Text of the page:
Jeremiah Jones is an artist who creates objects and videos that explore the complex histories, landscapes and relationships that form our world. His process includes found image research, field production, and material projects in the studio to create complex works that bring to bear contemporary systems and mythologies. His work often incorporates the formal elements of projected light and sound. He holds a B.A. from the Evergreen State College, and an M.F.A. from the School of The Art Institute of Chicago. His work has been exhibited at The Tacoma Art Museum, The Hyde Park Art Center, The Museum of Contemporary Art, as well as numerous independent art spaces and private collections in LA, New York, Chicago, and internationally.
As an artist Jeremiah Jones positions himself in various roles throughout the many worlds he has access to. Compelled by the conclusion that meaning, sincerity, and human connection will be the lasting hallmark of the art being made today, his work risks offending the people who would promise success in exchange for silence. His work is best known for telling stories in ways which complicate any easy read of the images he presents. Jeremiah's artistic practice incorporates various tactics and mediums, from documentary, sculpture, an engagement with painting surfaces, video, and multimedia installations. His work comes from the aesthetic lineage of Len Lye, Chris Marker, Alan Kaprow, and Ed Ruscha, continuously exploring what can be done with the materials, images, movements, and sounds of our evolving social landscape. Jeremiah's life and work has given him close access to stories and problems many people face today, his work acknowledges and explores the complexity of situations, myths, histories and aesthetics of the United States.
Jeremiah Jones was born in 1980 to a family of Catholic Workers who lived in voluntary homelessness throughout his early years, an experience which has given him the insight and ability to switch codes and draw out understandings of complex hidden worlds. After seeing the failures of the school system in his community he dropped out of high school, and began traveling across the United States, finding temporary residence in several cities across America. He first arrived in New York in 2000 sleeping on the street outside St Marks Church on the lower east side, Starbucks coffee shops, and the beds of people who found him charming. Eventually he enrolled in Community College, got a GED, and finished his undergraduate degree at The Evergreen State College in Washington which lead him back to New York where he started sharing his art work at shows in Brooklyn, and began teaching and working with institutions such as The Museum of Modern Art, The Guggenheim, The New Museum and others. This began an love/hate off-again/on-again affair with the city he lives and works in today.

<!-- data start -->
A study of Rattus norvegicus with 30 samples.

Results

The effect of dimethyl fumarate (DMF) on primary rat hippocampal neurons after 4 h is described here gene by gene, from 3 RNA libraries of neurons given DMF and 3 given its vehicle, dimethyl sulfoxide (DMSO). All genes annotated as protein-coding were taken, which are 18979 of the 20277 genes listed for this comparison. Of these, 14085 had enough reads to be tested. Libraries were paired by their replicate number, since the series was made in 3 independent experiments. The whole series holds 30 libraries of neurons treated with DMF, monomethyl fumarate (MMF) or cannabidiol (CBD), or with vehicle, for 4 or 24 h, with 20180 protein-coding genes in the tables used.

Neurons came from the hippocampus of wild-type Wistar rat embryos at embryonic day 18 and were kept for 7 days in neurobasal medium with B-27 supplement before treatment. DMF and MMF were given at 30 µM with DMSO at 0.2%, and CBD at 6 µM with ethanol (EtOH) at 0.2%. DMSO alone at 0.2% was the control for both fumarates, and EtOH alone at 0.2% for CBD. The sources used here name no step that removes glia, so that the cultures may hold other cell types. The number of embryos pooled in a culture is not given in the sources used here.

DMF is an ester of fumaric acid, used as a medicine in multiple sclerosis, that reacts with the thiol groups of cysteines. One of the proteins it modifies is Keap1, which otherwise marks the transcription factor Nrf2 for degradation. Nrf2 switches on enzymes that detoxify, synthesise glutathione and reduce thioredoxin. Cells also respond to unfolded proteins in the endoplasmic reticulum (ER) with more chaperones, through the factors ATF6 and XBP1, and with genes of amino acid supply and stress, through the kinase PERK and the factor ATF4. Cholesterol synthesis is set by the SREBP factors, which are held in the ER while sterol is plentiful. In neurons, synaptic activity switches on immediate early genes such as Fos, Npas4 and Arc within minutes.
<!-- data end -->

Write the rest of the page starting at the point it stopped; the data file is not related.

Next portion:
Jeremiah's work has required him to place himself at risk to affect social change through art and activism. As an outspoken activist he and his collaborators were the target of a series of FBI/police raids, which repeatedly brought him into custody facing trumped up conspiracies and protest related charges. While each of those charges were slowly beat, one at at time, Jeremiah was in jail becoming intimately acquainted with the prison industrial complex, witness to systems of privileges and oppressions, and many types of communities alienated from what makes them human.
The perspective he holds after growing from childhood homelessness, the incarceration, to working with museums and artists has placed his voice uniquely positioned to express a deep understanding of what it means to be innocent and free in a world in which we are collectively anything but.
In his experimental documentary works Jeremiah engages with historic images, collected stories and appropriated media to create moving images presented as gallery loops, and in screenings. His work is often described in relation to its seductive and beautiful consideration of what we know, love, and fear about the world we share. His work has been exhibited internationally, and after finishing studies in the MFA program at the School of the Art Institute of Chicago has had several high profile commissions from clients such as The Intercontinental Exchange, New York Stock Exchange, and the prominent Chicago restaurant group 16 on Center (Dusek's Board & Beer, Longman & Eagle, Punch House, The Promontory) as well as numerous private collectors and residences.